In order to determine which partition to boot in Step 1, the MBR looks for the
The process of booting from the hard disk starts at a
predictable place: the first sector on the disk. Program code in the first
sector (the Master Boot Record
, or MBR) determines which partition to
boot. There isn't much room in the MBR for a lot of code, but then the MBR
doesn't need to know a lot--it simply determines the partition to boot
and passes control to the first sector of that partition. The MBR doesn't
need to know or understand the OS on the selected partition or the names
of the bootfiles that will be executed.
Code in the first sector of the selected partition (the
Partition Boot Record
, or PBR) then continues the boot process. The
PBR doesn't have much room either, so the boot record looks for boot files
within the partition itself to which the boot process will be passed.
Note this means the PBR must be specific to the OS since it has to know the
name of the system-specific boot files and how to find them.
This partition boot sector also contains a parameter table
the layout and file system of the partition, which enables the boot record
to find the boot files in the partition itself.
(See? The computer is "bootstrapping" it's way to get smarter!)
One of the values in this parameter table is the total number of sectors
between the beginning of the disk (LBA 0) and the start of the partition.
We'll come back to this crucial piece of information later.
The initial boot files
in the partition take over and
bring up the rest of the operating system. The actual Windows operating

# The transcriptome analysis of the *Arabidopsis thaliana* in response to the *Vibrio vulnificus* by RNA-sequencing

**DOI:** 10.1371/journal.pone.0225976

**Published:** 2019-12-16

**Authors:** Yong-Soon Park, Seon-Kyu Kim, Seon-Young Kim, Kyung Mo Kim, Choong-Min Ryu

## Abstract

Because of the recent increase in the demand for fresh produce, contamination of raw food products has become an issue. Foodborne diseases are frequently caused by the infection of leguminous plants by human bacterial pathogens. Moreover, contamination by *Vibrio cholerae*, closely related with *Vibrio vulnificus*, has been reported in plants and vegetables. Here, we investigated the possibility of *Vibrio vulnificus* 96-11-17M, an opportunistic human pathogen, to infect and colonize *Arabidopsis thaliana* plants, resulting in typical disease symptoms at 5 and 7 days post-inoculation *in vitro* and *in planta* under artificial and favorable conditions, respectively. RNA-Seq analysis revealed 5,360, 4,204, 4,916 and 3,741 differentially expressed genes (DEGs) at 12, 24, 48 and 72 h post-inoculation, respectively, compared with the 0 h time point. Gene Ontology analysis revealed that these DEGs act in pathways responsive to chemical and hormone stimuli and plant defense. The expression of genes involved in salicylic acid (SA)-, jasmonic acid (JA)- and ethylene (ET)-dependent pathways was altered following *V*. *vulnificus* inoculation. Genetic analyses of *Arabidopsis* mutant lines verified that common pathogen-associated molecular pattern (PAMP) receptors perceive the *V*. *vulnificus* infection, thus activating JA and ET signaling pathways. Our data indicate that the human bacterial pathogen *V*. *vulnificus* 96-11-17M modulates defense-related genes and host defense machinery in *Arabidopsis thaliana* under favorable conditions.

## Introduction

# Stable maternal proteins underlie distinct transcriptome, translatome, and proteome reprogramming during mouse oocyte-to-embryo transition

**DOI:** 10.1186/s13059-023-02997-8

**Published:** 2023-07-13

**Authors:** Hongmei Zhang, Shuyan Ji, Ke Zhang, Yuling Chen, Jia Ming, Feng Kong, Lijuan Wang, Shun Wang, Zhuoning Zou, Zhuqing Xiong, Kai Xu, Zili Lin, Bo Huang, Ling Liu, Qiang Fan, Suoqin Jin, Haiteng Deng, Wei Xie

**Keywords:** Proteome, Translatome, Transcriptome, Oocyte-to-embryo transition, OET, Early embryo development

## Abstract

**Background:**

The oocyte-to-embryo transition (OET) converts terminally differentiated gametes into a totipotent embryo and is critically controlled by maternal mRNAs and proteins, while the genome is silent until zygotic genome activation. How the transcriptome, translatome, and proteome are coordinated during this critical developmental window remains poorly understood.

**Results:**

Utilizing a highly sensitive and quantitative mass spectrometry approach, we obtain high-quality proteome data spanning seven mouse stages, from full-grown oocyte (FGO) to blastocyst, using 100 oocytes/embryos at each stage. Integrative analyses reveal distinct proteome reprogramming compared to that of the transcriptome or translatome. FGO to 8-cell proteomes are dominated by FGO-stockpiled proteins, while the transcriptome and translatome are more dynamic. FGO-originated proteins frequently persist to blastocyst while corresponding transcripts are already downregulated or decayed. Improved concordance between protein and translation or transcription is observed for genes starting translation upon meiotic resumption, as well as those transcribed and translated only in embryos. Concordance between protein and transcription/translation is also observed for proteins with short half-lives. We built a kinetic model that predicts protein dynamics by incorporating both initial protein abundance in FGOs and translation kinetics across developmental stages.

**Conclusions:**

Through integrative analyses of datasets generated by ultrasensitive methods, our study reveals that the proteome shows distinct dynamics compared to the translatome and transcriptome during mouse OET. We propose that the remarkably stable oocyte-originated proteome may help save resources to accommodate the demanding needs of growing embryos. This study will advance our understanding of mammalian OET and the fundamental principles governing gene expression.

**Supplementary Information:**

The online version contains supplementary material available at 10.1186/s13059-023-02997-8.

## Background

may be on another partition, provided the boot files of that
particular OS version were designed to be smart enough to handle that.
Thus, we can make a distinction between a boot partition
and a system partition
, which may or may not be the same.
Note, however, that Microsoft perversely reverses the definitions--Microsoft's
"system partition" is the one with the startup files and the "boot partition"
is the one with the Windows directory and the rest of the operating system.
So in Microsoft-speak we can say the computer "starts booting
partition and continues loading the operating system
from the boot
partition." Isn't that clear?
(Note: Linux generally uses the terms "boot" and "root".)
However you choose to define them, in a single-OS computer the boot and system
partitions are often one and the same.
In a multi-OS system controlled by the 2000/XP boot
, the process uses a common boot partition loading alternate system
partitions--or in Microsoft-speak, a common "system" partition loading
alternate "boot" partitions. In contrast, the multi-OS configuration we are
aiming for in our project uses separate boot-plus-system partitions for each OS.